Regular readers of Grail Watch know that I have a particular fascination with watches that contain multiple separate movements in a single case. Ever since the Nappey Jumelles Times and Ardath Long Distance of the 1960s, watch makers have used compact “ladies” movements in oversized travel watches for men. Now a modern maker, Alexander Shorokhoff, has done the same, first with the Los Craneos an now with the new Levels model. How does it compare? Read on!
Alexander Shorokhoff Los Craneos
Alexander Shorokhoff is an avant garde brand known today for eye-catching watches full of color and playful details. Some of the models in the so-called “Avantgarde” line have a bit too much resemblance to Alain Silberstein’s famous watches, but there are always plenty of details that differentiate them. Alexander Shorokhoff’s designs truly stand alone and stand out in a crowded market.
Russian watchmaker Alexander Shorokhoff began in the early 2000s as manager of the brand Poljot before establishing his namesake brand in Germany. The first decade focused on watches with elaborately-decorate movements dedicated to historic and literary figures, from Tolstoy to Tchaikovsky. Many of these used Poljot’s reproduction of the classic A. Schild AS 1475 alarm movement, another complication dear to my heart.
The original Los Craneos watch was introduced in 2018 as a tribute to artist Friday Kahlo, playing also on the themes of life and death intrinsic in the passage of time. Shorokhoff’s design rotated the crowns to 4:00 and 10:00, a pleasing and symmetrical divergence from the traditional “two movements, one case” watches with crowns at 3:00 and 9:00. This also made room for the pair of skulls on the dial, which fill in the “forehead and chin” space left empty on the classics. “Home Time” (on the right) has hour, minute, and seconds hand, while “Away Time” (on the left) has just hour and minute hands but adds a date inside the nose of the skull. Strangely, the top of the “Away” skull is labeled “60” even though it lacks a seconds hand.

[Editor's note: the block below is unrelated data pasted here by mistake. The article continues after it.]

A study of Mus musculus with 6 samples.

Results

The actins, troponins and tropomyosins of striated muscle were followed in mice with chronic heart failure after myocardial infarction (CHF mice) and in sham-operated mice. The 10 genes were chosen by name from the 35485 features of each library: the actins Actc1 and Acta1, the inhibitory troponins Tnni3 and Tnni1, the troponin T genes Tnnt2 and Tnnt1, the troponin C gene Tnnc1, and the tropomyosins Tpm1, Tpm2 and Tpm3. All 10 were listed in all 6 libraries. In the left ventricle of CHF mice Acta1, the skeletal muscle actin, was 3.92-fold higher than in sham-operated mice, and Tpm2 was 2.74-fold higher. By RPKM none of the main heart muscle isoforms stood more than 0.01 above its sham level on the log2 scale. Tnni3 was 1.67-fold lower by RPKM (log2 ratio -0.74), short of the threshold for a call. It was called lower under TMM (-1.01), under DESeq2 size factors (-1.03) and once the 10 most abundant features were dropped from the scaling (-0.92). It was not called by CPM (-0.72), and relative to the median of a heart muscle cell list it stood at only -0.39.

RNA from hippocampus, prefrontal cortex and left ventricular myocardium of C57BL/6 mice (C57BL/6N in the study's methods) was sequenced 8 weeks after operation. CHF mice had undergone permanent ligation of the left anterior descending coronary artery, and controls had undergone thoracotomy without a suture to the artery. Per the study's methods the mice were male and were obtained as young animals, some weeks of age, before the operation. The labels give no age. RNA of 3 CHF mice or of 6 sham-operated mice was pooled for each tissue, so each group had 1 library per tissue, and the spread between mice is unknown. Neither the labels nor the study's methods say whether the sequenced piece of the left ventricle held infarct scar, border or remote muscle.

A Los Craneos 2 model appeared soon after, featuring brightly colored skulls reminiscent of the rest of the Shorokhoff Avantgarde line. Although essentially the same watch, this colorway transforms the watch into something vibrant and fun. Shorokhoff also “fixed” the label on the “Away” skull, adding a “10” instead. The date in the nose remains a playful Easter egg.
Inside these dual-timezone watches tick a pair of ETA 2671 automatic movements. These are incredibly compact, just 17.20 mm diameter, and are used in many modern “two movements, one case” watches, including the Glycine Airman 7 and BRM MTD. The up-to-date specifications of Cal. 2671 include 28,800 A/h operation, hacking seconds, quick date correction, and a ball bearing weight segment. Thus, it is surprising to learn that it dates way back to 1971!
Alexander Shorokhoff Levels
The new Levels model is a clever departure from the Los Craneos, despite using the same case and movements. The name is derived from the incredibly deep dial, with everything seemingly on a different level and additional elements added above and below. I count 6 or more distinct levels and three base dial patterns. Yet the whole watch has a surprisingly cohesive feel.
Shorokhoff uses semi-circular elements to take up the “forehead and chin.” These elements are engraved with “Alexander Shorokhoff” above and “Limited Edition • Made In Germany” below. The guilloche waves help pull the eye to the center despite the eccentric design. A multi-colored “staff” off-center gives all of these circles a visual base, and balances the polar globe identifying the “Away” dial.
One of the most unique elements is the “monocle” date magnifier. It is difficult to see in photos, but the screwed bridge on the “away time” dial includes an aperture for a magnifying glass above the tiny date window. Perhaps the only element that does not work for me is the plain and superfluous “Home Time” engraved on the dial at 4:00.
The Grail Watch Perspective: Alexander Shorokhoff Levels and Los Craneos
Although Alexander Shorokhoff’s watches are original and creative, they are not unattainable. The Levels watch is priced at 3,500 Euro, while the Los Craneos 1 and 2 are 2,999 and 3,299, respectively. Given the fantastic detail and original design, not to mention the fact that it includes a pair of Swiss movements, this seems like a bargain. Perhaps it is not obvious at a glance, but Shorokhoff deserves applause for artfully absorbing the empty dial space present in all round dual-movement watches. Both Los Craneos and Levels have a purposeful and designed look that is absent in previous models.